Review: Maier recalling The Apocalypse

A review of Harry O. Maier, Apocalypse Recalled: The Book of Revelation after Christendom, Fortress, 2002.

Available here from and and direct from Alban Books.

Reading Apocalypse Recalled was a bit of rollercoaster for me. I picked it up with low expectations. Then at times reading the first chapter I thought it might become my top recommendation on the book of Revelation. But the rest of the book never quite delivered. It ends up being a good introduction to the secondary literature on Revelation, but not the book itself. We dip in and out without ever grappling with the central message of the book. Maier’s treatment of temporal references in Revelation promised much, but in the end it was not clear how it was supposed to change the way we understand Revelation or apply it today. The best chapters – on the visual and oral dimensions of Revelation – are those which most engage with the text. The chapter on listening to Revelation alone makes the book worth buying for if you’re doing some in-depth study of Revelation.

Maier believes, as I do, that Revelation is as much written to challenge comfortable Christians who are compromised by participation in empire as it is to comfort afflicted Christians who are persecuted by empire. As Maier puts it, we read as if we are Philadelphians when we are actually Laodiceans. What this analysis perhaps highlights is that Philadelphians, that is those Christians who are marginalized, can legitimately read it as a word of comfort while Laodiceans, those Christians who have comprised by the culture, should read it has a word of challenge.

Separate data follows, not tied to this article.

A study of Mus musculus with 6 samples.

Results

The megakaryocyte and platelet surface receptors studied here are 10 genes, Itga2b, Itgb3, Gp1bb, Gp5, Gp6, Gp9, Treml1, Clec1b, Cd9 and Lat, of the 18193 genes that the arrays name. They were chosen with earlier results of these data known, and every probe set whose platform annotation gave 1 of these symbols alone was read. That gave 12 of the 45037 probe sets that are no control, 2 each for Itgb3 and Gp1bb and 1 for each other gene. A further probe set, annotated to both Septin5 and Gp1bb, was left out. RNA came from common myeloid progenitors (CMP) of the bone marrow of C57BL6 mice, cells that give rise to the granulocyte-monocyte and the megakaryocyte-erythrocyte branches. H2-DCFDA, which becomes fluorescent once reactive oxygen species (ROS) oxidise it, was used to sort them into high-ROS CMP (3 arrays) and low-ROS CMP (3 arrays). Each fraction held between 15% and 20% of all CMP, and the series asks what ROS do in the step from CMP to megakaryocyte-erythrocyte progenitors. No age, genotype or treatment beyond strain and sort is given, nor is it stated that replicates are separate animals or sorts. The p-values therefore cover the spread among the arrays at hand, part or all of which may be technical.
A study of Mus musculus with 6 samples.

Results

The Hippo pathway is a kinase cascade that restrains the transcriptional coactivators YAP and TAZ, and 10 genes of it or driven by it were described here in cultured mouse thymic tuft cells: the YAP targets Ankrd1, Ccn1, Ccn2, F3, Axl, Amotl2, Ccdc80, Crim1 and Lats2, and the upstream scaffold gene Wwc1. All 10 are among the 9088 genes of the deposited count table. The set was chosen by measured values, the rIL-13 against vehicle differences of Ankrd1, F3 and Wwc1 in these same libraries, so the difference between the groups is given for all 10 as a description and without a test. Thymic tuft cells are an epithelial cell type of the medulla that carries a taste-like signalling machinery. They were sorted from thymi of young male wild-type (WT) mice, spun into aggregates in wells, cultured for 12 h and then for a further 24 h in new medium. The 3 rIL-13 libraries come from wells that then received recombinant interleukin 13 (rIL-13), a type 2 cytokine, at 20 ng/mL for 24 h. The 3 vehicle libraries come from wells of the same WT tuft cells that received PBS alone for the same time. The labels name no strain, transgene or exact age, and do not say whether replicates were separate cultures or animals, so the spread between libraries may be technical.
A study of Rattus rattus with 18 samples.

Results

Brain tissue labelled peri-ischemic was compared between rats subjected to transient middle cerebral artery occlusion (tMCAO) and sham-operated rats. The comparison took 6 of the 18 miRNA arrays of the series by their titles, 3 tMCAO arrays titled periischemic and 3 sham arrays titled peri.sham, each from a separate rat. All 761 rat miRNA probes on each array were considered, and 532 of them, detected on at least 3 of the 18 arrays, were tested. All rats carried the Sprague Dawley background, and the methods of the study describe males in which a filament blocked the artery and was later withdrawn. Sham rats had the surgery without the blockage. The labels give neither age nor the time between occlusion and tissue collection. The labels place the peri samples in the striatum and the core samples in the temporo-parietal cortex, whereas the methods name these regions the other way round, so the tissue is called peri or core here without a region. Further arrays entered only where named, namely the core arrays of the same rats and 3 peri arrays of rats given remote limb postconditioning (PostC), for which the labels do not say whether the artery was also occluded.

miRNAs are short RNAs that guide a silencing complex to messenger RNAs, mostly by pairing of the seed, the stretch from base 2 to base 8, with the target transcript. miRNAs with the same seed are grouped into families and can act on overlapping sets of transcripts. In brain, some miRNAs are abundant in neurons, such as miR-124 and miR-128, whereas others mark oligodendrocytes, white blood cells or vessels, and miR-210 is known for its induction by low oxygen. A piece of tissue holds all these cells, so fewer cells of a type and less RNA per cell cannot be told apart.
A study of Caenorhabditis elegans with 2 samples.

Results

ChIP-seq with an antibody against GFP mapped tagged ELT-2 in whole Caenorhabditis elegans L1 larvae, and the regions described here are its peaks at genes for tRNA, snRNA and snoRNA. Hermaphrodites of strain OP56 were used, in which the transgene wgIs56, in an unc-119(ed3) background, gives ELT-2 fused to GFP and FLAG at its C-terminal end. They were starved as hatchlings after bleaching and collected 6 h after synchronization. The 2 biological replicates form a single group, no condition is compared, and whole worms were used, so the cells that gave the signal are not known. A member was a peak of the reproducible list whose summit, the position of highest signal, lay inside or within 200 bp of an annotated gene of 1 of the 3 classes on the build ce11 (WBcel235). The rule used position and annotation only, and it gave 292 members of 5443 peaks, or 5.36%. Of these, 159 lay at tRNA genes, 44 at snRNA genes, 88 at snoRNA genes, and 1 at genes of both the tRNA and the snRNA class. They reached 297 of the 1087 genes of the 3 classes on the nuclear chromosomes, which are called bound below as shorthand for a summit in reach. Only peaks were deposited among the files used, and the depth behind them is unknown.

A potentially strong aspect of the book is Maier’s reflections on reading Revelation in the context to his family’s history as Germans refugees from modern day Poland who fled to Canada after the Second World War to escape the advancing Red Army. But this feature of the book never quite delivers either. The links between Maier’s story and what he was saying about Revelation don’t turn out to be strong enough. Also the ‘after Christendom’ element of the subtitle is never really explored.

Well my top recommendation on the book of Revelation remains Richard Bauckham’s The Theology of the Book of Revelation (available here from and But Maier does enter somewhere in the top ten. It’s a good orientation to reading Revelation today and a useful summary of a lot of the secondary literature.